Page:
A lobbyist for Myanmar’s military junta has formally registered his $2 million agreement with the country’s sanctioned defense minister, raising questions about the legality of the effort.
Foreign Lobby Report first reported Friday that former Israeli intelligence officer Ari Ben-Menashe had inked a deal with Defense Minister Mya Tun Oo as the Southeast Asian country faces global blowback following the Feb. 1 military coup against the civilian government. The work to be carried out by Ben-Menashe’s Montreal-based firm Dickens & Madson includes presenting the military regime as a bulwark against Chinese influence in the region and working with Gulf Arab countries to repatriate the Muslim Rohingyas, almost a million of whom have fled persecution by Myanmar’s armed forces.
Ben-Menashe registered the contract under the Foreign Agents Registration Act (FARA) on Monday, and the US Department of Justice published it on the FARA web site on Tuesday. The official filing provides few new details other than the size of the contract, which Ben-Menashe had previously described simply as a “big amount.”
“Within the United States, Registrant [Dickens & Madson] will provide advice and counsel to the foreign principal and advocate before the executive and/or legislative branches of the government of the United States to seek support and humanitarian aid for the benefit of the citizens of the Republic of the Union of Myanmar and to strive for the removal or modification of current sanctions,” the lobbying disclosure states. “Additionally, Registrant proposes to provide media and public relations services to further the country’s goals and activities. Registrant also provides lobbying services to the foreign principal in other countries.”
As an Israeli-Canadian citizen, Ben-Menashe is not directly affected by sanctions that the Joe Biden administration slapped on Mya Tun Soo and other Burmese military officials last month in response to the coup as long as he’s outside the United States. But sanctions experts say Ben-Menashe would still need permission from the US Treasury Department to carry out any lobbying activities targeting US officials.
“He could be liable for causing a US person to violate the sanctions,” said Judith Alison Lee, the co-chair of the International Trade Practice at Gibson Dunn. “If he calls up a US official and that US official does anything to help him and his client, that US official is in violation of the US sanctions. And so [Ben-Menashe] could be liable for causing a violation even if he never sets foot in the US.”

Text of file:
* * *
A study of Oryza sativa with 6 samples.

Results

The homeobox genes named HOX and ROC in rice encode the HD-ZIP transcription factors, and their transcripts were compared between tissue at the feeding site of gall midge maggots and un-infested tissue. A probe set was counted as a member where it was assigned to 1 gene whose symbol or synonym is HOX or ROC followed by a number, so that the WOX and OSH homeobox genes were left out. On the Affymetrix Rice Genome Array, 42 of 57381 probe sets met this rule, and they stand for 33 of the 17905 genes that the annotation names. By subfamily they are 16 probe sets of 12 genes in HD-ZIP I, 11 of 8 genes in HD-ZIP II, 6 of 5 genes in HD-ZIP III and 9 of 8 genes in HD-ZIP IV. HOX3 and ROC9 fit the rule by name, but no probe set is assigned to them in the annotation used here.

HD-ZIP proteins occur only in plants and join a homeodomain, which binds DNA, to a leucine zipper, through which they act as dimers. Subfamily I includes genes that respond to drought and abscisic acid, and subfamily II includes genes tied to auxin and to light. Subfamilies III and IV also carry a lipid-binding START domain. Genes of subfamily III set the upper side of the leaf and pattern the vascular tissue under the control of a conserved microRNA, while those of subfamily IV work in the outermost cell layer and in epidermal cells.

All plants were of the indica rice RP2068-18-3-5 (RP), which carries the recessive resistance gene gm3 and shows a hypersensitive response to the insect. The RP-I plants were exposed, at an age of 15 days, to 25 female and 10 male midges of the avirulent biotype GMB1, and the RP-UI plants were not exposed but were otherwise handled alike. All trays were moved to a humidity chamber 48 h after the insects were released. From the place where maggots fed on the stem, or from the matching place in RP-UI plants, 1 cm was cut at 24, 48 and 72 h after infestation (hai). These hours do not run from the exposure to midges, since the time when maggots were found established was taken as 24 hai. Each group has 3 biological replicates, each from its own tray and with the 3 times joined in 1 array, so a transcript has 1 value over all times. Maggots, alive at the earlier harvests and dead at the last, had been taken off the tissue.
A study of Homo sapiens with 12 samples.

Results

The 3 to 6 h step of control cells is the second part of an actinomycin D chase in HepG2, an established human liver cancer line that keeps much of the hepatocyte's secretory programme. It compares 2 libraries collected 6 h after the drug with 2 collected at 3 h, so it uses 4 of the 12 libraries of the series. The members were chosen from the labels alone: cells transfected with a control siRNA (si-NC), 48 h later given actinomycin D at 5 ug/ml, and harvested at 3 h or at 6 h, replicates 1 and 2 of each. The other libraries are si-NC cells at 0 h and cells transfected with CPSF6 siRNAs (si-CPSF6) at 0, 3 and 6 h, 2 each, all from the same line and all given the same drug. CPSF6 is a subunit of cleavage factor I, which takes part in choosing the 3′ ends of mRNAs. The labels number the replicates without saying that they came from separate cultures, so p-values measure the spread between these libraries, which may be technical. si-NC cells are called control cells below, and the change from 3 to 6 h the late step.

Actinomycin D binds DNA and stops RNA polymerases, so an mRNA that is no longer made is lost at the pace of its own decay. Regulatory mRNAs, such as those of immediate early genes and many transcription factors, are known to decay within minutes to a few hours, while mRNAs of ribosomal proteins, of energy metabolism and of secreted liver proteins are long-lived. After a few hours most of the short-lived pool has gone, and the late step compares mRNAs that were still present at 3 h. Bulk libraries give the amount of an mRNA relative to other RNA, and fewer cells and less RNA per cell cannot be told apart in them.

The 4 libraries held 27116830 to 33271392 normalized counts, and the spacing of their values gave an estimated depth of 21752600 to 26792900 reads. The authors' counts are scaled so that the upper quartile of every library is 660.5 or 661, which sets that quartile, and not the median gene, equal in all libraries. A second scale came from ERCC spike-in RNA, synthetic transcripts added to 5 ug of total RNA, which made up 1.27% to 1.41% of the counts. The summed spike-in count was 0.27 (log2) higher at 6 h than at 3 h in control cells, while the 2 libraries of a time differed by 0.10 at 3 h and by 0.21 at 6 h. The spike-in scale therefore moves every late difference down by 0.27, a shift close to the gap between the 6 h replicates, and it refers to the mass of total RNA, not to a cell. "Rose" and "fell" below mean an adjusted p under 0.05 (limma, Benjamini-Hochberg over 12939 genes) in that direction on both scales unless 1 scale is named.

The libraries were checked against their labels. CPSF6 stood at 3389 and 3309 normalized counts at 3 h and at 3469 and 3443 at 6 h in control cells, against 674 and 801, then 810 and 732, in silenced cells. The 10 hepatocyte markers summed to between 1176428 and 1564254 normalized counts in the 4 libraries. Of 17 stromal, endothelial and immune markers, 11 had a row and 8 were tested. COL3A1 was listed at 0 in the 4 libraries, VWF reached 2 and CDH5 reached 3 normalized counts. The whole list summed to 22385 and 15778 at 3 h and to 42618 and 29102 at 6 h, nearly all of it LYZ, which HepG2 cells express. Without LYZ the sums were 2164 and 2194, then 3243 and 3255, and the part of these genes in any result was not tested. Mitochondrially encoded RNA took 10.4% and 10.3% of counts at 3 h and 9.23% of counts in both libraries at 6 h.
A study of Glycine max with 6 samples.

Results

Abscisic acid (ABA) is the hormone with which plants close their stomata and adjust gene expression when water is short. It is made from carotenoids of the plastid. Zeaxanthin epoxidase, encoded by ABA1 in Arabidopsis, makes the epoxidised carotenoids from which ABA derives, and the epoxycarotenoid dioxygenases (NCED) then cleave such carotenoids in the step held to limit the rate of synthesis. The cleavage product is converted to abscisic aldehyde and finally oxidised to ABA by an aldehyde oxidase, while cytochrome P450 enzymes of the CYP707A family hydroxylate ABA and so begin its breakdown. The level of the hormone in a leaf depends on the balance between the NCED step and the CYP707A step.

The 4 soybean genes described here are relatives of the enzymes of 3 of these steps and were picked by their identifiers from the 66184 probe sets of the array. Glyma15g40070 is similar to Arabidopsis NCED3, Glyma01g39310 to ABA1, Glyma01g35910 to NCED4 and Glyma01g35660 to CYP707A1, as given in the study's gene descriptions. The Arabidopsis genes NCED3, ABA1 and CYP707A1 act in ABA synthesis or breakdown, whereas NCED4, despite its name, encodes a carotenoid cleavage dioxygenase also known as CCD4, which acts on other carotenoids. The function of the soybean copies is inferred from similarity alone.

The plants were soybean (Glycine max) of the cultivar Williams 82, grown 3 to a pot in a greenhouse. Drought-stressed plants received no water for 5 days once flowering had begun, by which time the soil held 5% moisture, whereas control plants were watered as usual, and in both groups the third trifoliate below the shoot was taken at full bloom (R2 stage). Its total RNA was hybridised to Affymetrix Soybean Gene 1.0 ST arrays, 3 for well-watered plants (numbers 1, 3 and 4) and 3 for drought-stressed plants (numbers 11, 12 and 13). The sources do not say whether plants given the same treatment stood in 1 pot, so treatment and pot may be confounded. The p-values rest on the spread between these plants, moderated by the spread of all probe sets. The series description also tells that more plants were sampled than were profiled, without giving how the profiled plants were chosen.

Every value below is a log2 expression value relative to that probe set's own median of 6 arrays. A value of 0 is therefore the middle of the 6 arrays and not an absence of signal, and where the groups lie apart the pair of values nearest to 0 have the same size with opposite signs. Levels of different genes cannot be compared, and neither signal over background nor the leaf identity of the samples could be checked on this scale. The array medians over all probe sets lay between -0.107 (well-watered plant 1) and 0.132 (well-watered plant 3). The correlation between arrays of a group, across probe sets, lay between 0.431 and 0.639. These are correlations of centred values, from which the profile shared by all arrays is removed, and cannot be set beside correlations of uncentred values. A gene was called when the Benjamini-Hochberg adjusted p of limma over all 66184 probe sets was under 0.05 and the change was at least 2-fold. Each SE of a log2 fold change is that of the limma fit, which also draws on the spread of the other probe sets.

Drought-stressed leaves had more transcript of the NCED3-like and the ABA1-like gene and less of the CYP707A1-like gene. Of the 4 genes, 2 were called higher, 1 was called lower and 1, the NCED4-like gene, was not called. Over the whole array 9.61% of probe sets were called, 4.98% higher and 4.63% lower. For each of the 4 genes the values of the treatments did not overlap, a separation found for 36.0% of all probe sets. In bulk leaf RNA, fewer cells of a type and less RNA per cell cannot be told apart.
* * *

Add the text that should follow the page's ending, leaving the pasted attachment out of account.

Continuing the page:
Ben-Menashe’s attorney, Andrew Kramer, said Dickens & Madson is well aware of the risks and is already working on a license application with the Office of Foreign Assets Control (OFAC).
“He clearly has to be careful who he talks with and how he goes about this,” Kramer said. “There are a lot of things he can’t do without the OFAC license.”
Kramer added however that the US restrictions don’t apply to work abroad that Dickens & Madson has proposed to carry out. The firm’s agreement with Mya Tun Oo mentions lobbying the governments of Saudi Arabia, the United Arab Emirates, Israel and Russia in addition to the United States.
There’s also the non-trivial matter of payment.
Dickens & Madson’s FARA filing states that the firm will only be paid “when legally permissible by controlling jurisdictions.”
In a phone interview on Tuesday, Ben-Menashe said the firm will be seeking authorization to be paid from the Canadian government, which has also sanctioned Mya Tun Oo and other military leaders. Global Affairs Canada, the government department that handles the country’s diplomatic relations, has already put him on notice about violating Canadian sanctions.
“We are aware of reports concerning a Montreal-based company potentially in contravention of the Special Economic Measures (Burma) Regulations,” department spokeswoman Angela Savard told The Globe and Mail newspaper. “Contravening Canadian sanctions is a criminal offence. All persons in Canada and Canadians abroad must comply with Canada’s strict sanctions measures.”
Meanwhile the delayed payment presents its own set of challenges in the United States.
US sanctions apply regardless of whether foreign agents are working for pay or pro bono, so the legality of Dickens & Madson’s lobbying is unaffected by the contract terms. The law however does prohibit tying payments to a specific outcome.
“[The] bigger question for me is … why this arrangement isn’t a prohibited contingent fee, if the lobbying includes efforts to get them off the sanctions list,” said Joshua Rosenstein, a lobbying expert with Sandler Reiff. “The only way to be paid would be if the lobbying were successful, in that case.”
Ben-Menashe however insisted that there was no contingency fee because the Burmese government is supposed to pay him regardless of his success. What’s in doubt, he said, is whether the US and Canadian governments will allow him to accept the payment.